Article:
When Manchester United announced the signing of Odion Ighalo on deadline day, it would be safe to say that everyone in the footballing world was caught by surprise. It was no secret that the club was scouring the transfer market for a striker. Even before Marcus Rashford’s long-term injury, the Red Devils were short on options in the forward department. The lack of strikers was evident with Daniel James playing as a makeshift striker a few times this season. Linked with names like Mario Mandžukić and Erling Braut Håland, no one expected United to sign the Ex-Watford Nigerian international (from Shanghai Greenland Shenhua no less). Ighalo himself could not believe the news. But once he realized it was a legitimate offer and not a ruse, he could not refuse the opportunity to represent his boyhood club (even it was for a short 5 months).
I won’t lie. I had my doubts with the move at first. In recent years, the footballing world has witnessed some quality players make the move to China and play in the league Chinese Super League (CSL). That being said, there is a significant gulf in quality between the CSL and the English Premier League. Still, despite my initial apprehension, Ighalo has done incredibly well and his performances have merited a permanent move to United. His tally of 4 goals in 8 appearances shows that he can bang in the goals. Not only that, his overall performance has demonstrated that he brings many new elements to the team.
Don’t get me wrong, Ighalo is no sure starter for every match, and this is something that the Nigerian himself is well aware of. I daresay that Ighalo would give it his all even if it meant he only played in cup matches for United. That’s the kind of person he is. As a boyhood United fan, he is finally living his dream (something every United fan has once dreamt of) – to don on the United jersey and play for the Red Devils. He is precisely the player we need because his primary focus is to help the team whenever he’s on the field. He does not demand playing time, but he gives it all during training sessions. In short, he is proud to play for the club.
Above all, he offers something different to what Mason Greenwood, Anthony Martial, and Marcus Rashford do. Unlike these pacey forwards, his hold-up play is excellent. Sure, he has missed a few chances so far, but he has also produced when it mattered. His goals in the Europa League helped the club progress through the next round and given time, he would have almost certainly notched a few in the EPL.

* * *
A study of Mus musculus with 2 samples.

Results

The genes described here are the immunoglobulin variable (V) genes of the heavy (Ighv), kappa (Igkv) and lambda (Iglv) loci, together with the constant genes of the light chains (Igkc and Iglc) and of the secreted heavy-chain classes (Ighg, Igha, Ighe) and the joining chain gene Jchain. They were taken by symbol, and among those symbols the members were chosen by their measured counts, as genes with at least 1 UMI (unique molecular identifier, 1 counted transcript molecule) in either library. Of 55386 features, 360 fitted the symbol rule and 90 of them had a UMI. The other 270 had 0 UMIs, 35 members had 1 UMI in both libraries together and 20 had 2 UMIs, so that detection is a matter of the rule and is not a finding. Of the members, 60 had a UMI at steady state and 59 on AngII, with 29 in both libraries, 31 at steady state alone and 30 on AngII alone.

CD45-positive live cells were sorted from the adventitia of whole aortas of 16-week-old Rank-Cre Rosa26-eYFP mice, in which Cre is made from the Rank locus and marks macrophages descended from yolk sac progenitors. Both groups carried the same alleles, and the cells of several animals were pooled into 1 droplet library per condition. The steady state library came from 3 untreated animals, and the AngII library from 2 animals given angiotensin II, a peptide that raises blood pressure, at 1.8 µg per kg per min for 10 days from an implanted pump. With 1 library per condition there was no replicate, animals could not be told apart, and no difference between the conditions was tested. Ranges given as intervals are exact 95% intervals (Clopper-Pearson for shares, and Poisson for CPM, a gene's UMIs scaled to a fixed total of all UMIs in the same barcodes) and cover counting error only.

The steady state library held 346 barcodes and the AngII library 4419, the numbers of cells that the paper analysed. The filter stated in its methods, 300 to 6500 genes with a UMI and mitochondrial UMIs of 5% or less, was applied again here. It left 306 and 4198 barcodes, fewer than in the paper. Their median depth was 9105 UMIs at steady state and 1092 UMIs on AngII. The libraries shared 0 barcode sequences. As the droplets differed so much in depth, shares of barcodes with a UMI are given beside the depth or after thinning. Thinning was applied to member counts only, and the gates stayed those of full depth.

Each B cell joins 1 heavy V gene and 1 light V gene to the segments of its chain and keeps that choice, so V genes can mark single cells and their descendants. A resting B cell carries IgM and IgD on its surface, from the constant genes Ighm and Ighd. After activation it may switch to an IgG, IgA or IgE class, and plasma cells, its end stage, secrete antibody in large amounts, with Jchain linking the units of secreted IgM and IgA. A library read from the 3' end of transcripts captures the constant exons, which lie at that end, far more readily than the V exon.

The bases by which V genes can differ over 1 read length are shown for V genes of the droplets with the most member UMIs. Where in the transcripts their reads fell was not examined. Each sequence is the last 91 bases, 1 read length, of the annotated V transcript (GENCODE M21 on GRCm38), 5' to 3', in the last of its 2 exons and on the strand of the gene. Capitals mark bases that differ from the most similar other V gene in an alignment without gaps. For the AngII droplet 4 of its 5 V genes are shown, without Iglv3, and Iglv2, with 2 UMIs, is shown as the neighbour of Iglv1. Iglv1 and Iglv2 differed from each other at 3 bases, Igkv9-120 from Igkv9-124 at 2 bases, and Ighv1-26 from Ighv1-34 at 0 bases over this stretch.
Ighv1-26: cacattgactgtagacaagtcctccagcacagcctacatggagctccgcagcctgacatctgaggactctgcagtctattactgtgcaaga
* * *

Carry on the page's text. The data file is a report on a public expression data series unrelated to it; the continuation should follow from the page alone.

He is a prime solution to the issue of squad depth – a different forward who is content with playing backup. Ighalo reminds me of Louis Saha during the 2007/2008 season, when Manchester United preferred the partnership of Carlos Tevez and Wayne Rooney. Down the pecking order, Saha contributed when it mattered and was a real team player. Now that I think about it, Manchester United always had somewhat proper third-choice forwards to field (Think Michael Owen, Danny Welbeck, James Wilson, Falcao – okay some were pretty awful, but the point is that there was depth). Ighalo is a unique player and is different from Saha. However, just as Saha offered something different to what Tevez and Rooney offered United going forward, so does Ighalo to the current crop of United forwards.
United need to act fast. His loan deal expires on 31st May 2020, and there seems to be no attempt to secure his services permanently. Shanghai is reportedly asking around 15 million pounds for the transfer, and while it looks like a fair bit for an ageing forward, it is honestly pocket change for the Glazers. Just look at Brady’s contract with the Tampa Bay Buccaneers (the Glazers’s other team).
Strangely, the impact of the coronavirus may have helped Ighalo’s cause. The global pandemic has apparently altered United’s transfer strategy. Ed Woodward has recently ruled out any big-money signings in the next transfer window, citing that the virus has devastated the financial side of the footballing world. A signing like Ighalo, therefore, makes sense. A relatively cheap but proper forward who is willing to take a massive pay cut to join the club is a no-brainer for United.
However, we have made questionable transfer decisions in the past and not signing Ighalo could potentially be a new one. Whatever happens this summer, I am going to be ballsy and say this – Ighalo has joined the ranks of Henrik Larsson and Michael Owen in becoming a cult hero at United. He will be fondly remembered regardless of his duration of stay (though I sincerely hope it extends beyond the current campaign).